Our T-33 Scrapbook

Ace Maker Ct-133 Silver Star arriving for an air show.

Photos from the ClassicWarbird.net and Photorecon.net team.

Canadair CT-133 warbird in authentic colors.

The first Lockheed T-33 first flew 73 years ago in March!

I heard a story once, a few decades ago, which seems to be apropos here. A few military aircraft enthusiasts were talking with an F-15 Eagle pilot. The question was posed as to how long the Eagle’s career as a useful fighter would be, as F-22 Raptor and Sukhoi SU-30s were coming on line. A few opinions about the uncommonly long longevity of the Eagle design (two decades at the time) were voiced, until the F-15 pilot said (in a shout out to the unit’s trainer aircraft) that when the final F-15 would be delivered to the MASDC bone yard, a T-33 would be dispatched to fly that pilot back to their unit!

Lockheed’s Clarance “Kelly” Johnson has a remarkable legacy of aircraft designs, which include the P-38 Lightning, the F-104 Starfighter and the SR-71 Blackbird. Additionally, he was the driving force behind the U.S. Army Air force’s first widely-used jet fighter – the P-80 Shooting Star. A subsequent version of this was the TF-80C, which was designed as a twin-seat trainer version of the Shooting Star, and later renamed the T-33A after the U.S. Air Force was formed in the late 1940s.

The U.S.A.F.’s last active T-33, a modified jet with an F-94 nose, at the 50th Anniversary Air Show at Nellis AFB.

Although the P-80 used a General Electric jet engine, the T-33 utilized the Allison J-33 engine.  This design had an extremely long useful life, with almost seven full decades of active military service. The U.S.A.F.’s T-33A first flew in March, 1948, and the last of the U.S. military’s active T-33s was an Air Force NT-33A test aircraft which was finally retied in April, 1997. Worldwide, the “T-bird” was finally retired from Bolivian military service at the end of July, 2017.

Former FAA test aircraft, a Navy TV-2, in Wichita’s Kansas Air Museum.

Numerous specialized versions were produced by Lockheed, many were later used as remote piloted targets and as drone directors for these drones too. The U.S. Navy and Marines received over 600 T-33s as trainers under the designations TO-1/TV-1/TO-2/TV-2 and T-33B (plus more different versions after the 1962 Tri-Service re-designation system). The Air Force made some into AT-33A lead-in fighter trainers, with limited armament capabilities. A RT-33 reconnaissance version even carried cameras in its nose. Still others acted as simulated “bogies” for interceptors to practice their missions on. The T-33 was a successful early military jet, and accomplished many missions besides its primary duty as one of the world’s first jet trainers.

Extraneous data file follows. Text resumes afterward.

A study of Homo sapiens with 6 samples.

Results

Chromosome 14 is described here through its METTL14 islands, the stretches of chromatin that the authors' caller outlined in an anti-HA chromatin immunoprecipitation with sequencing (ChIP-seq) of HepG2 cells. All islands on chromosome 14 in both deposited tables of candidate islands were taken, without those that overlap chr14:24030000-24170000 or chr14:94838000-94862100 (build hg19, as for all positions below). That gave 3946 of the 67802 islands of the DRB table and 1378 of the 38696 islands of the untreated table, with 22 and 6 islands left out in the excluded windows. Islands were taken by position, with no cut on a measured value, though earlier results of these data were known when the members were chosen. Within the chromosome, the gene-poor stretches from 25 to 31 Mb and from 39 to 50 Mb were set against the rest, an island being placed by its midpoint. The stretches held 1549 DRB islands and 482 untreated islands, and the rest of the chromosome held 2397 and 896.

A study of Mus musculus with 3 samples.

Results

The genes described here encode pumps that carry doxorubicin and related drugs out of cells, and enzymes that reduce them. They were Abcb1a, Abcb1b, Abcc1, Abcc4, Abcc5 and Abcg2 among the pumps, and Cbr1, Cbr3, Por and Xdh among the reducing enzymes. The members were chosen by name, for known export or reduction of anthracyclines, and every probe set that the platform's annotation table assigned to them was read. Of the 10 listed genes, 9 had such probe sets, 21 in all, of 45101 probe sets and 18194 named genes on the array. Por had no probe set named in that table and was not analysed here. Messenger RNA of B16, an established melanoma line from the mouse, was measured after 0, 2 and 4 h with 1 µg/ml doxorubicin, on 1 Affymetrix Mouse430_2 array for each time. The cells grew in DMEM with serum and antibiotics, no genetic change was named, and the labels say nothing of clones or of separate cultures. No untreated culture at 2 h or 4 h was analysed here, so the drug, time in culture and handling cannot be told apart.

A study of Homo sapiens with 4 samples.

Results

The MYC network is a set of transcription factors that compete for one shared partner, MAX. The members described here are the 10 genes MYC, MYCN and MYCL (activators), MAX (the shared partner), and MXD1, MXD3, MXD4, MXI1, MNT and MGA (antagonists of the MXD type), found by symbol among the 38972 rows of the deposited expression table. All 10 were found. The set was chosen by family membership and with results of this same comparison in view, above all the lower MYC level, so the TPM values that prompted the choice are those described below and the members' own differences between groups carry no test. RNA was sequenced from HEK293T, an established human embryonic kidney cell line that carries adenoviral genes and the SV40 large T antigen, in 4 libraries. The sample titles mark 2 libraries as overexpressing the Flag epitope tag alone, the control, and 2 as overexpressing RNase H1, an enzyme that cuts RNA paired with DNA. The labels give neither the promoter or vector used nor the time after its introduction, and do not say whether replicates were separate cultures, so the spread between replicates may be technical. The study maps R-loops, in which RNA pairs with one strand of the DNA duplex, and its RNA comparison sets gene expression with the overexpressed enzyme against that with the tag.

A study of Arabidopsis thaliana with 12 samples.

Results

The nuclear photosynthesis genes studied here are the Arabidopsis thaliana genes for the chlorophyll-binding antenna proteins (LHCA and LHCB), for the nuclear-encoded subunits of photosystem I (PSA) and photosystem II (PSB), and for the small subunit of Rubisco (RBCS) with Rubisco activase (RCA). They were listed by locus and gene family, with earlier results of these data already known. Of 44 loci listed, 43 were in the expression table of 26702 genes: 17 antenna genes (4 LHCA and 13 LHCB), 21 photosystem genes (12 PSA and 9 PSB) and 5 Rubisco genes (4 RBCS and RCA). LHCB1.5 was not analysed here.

Canadian CT-133 Silver Star departing London ON.

So successful was the T-33 that it was exported to some 30 countries, and produced under license by Japan and Canada. Canadair produced 656 Silver Star trainers; the Canadian jets were powered with Rolls Royce Nene engines and exported them to many European countries. Lockheed produced 5,691 airframes for the U.S., and ended their production in 1959.

Canadair CE-133 Silver Star with target on wing, CFB Shearwater, NS.

One particularly useful design was Canada’s Silver Star, which performed duties as targets for NORAD interceptors and posed as aircraft and anti-ship missiles during NATO Naval exercises. Some of their CT-133s were modified into CE-133s electronic training aircraft, fitted with internal and external emitters and transmitters to act as foreign aircraft. They also were modified to carry towed targets, for gunnery training.

Here are some T-33 photos while the jets were still in active service:

After retirement, the twin-seat trainer became a popular warbird jet, with a good supply of retired parts and engines available worldwide. The two seats made it a good fit for air to air photography, and a few retired jets became chase aircraft for new aircraft manufacturers. Boeing used a pair of T-33s as chase planes up to the end of 2020, including chase and photo duties during their B-787 and newest B-777 version programs. In fact, Boeing offered the T-33 Skyfox as an updated trainer in the mid-1980s, although there were no contracts signed. The Skyfox and Boeing design used much of the original T-33’s airframe, but substituted the Allison jet engine with a pair of smaller Garrett TFE731 jets.

Here is a collections by some of the Photorecon.net and ClassicWarbirds.net team, of warbird and museum T-33s – enjoy!

Ken Kula

Assignment and Content Editor, writer and photographer A New Englander all of my life, I've lived in New Hampshire since 1981. My passion for all things aviation began at a very early age, and I coupled this with my interest of photography during college in the late 1970s. I spent 32 years in the air traffic control industry, and concurrently, enjoyed my aviation photography and writing adventures, which continue today. I've been quite fortunate to have been mentored by some generous and gifted individuals. I enjoy contributing to this great site, and working with some very knowledgeable and equally passionate aviation followers.